How the brain decides to learn

How the brain decides to learn

New research has shed light on how our brains decide to learn – an area of study that has, until now, been largely a mystery.

The researchers from Stanford University hope that the study, which was confined to mice, may one day help to better understand how humans learn or even help treat drug addiction.

The study’s senior author Xiaoke Chen, an assistant professor of biology at the Wu Tsai Neuroscience Institute's Neurochoice Initiative, said the results were a surprise.

“It was surprise in part because few had suspected the thalamus could do something so sophisticated,” Stanford News quoted Chen as saying.

“We showed thalamic cells play a very important role in keeping track of the behavioral significance of stimuli, which nobody had done before”.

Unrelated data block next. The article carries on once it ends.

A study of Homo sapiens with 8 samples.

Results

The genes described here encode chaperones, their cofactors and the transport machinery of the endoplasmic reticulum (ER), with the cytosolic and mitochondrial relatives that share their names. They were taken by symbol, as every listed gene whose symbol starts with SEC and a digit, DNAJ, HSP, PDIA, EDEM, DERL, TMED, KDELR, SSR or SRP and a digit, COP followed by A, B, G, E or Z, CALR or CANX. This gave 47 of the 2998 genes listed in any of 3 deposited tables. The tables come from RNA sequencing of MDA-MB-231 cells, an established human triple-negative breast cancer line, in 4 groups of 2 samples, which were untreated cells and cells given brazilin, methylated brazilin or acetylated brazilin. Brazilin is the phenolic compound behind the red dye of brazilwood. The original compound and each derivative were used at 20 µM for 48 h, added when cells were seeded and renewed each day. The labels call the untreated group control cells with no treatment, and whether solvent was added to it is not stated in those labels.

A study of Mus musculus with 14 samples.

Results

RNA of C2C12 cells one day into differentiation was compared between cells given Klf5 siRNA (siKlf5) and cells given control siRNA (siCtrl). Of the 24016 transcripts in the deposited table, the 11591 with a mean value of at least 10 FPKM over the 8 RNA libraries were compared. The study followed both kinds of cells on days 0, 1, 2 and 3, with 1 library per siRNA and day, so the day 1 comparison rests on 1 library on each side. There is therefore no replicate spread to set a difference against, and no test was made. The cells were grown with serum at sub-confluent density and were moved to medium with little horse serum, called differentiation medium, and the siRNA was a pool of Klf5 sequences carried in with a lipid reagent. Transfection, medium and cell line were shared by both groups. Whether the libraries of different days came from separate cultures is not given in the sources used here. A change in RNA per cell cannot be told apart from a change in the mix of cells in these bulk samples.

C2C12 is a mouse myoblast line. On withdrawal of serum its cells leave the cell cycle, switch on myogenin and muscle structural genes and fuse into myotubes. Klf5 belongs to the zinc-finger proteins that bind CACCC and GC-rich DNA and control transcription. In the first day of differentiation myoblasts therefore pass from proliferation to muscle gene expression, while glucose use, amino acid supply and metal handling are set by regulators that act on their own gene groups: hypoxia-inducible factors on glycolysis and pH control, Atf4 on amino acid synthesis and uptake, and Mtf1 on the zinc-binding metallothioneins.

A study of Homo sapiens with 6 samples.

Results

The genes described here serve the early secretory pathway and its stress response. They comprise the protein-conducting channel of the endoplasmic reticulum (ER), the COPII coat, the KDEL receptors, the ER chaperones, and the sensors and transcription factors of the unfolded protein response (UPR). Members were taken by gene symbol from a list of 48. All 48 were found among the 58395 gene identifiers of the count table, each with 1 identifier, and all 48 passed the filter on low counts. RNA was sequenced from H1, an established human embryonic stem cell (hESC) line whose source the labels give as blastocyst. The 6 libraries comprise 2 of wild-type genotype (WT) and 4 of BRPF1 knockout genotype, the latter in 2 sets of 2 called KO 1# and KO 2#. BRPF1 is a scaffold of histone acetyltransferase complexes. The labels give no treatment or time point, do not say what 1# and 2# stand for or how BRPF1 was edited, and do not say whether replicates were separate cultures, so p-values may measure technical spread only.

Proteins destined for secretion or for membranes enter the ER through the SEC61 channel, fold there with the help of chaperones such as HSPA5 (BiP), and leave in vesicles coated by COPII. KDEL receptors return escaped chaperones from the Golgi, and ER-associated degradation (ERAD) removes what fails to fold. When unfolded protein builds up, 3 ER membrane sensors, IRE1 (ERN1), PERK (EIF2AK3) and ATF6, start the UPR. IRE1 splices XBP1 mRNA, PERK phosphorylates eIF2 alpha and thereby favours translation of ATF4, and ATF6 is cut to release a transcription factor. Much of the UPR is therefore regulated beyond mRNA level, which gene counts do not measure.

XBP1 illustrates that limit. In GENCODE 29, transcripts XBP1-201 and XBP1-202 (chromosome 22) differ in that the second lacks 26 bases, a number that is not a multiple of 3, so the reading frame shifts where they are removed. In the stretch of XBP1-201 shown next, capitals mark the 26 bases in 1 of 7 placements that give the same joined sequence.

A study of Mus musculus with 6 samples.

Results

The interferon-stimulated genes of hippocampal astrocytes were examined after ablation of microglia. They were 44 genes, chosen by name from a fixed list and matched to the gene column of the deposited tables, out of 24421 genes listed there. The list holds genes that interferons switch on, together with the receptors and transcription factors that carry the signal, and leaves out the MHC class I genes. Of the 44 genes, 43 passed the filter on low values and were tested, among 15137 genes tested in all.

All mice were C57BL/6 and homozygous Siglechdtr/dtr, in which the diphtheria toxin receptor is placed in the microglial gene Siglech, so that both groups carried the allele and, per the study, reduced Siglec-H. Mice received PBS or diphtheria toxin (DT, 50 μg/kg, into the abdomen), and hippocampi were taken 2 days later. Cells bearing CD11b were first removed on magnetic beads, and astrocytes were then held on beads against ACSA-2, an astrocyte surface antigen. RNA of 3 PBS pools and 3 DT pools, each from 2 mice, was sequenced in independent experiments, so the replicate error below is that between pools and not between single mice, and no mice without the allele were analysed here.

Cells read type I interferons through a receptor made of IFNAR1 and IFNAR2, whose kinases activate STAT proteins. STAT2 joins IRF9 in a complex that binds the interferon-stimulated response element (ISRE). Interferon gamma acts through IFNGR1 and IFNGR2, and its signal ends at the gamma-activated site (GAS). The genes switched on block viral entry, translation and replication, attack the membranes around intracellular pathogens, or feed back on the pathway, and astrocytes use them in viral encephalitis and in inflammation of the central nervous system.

The results point to several broader conclusions, said Chen.

Perhaps most important, other researchers now have a place to look -- the PVT -- when they want to study how paying attention to different details affects how and what animals learn.

Neuroscientists also now have a new way to control learning, Chen said. In additional experiments with mice genetically modified so the team could control PVT activity with light, the researchers found they could inhibit or enhance learning.

For example, they could more quickly teach mice that an odour no longer reliably signalled water was coming, or that another odour had switched from signalling water to signalling a shock.

Those results could point to new ways to modulate learning -- in mice, for the time being -- by stimulating or suppressing PVT activity as appropriate.

They also point, in the long run, to ways to help treat drug addiction, Chen said, by helping addicts unlearn the association between taking a drug and the subsequent high.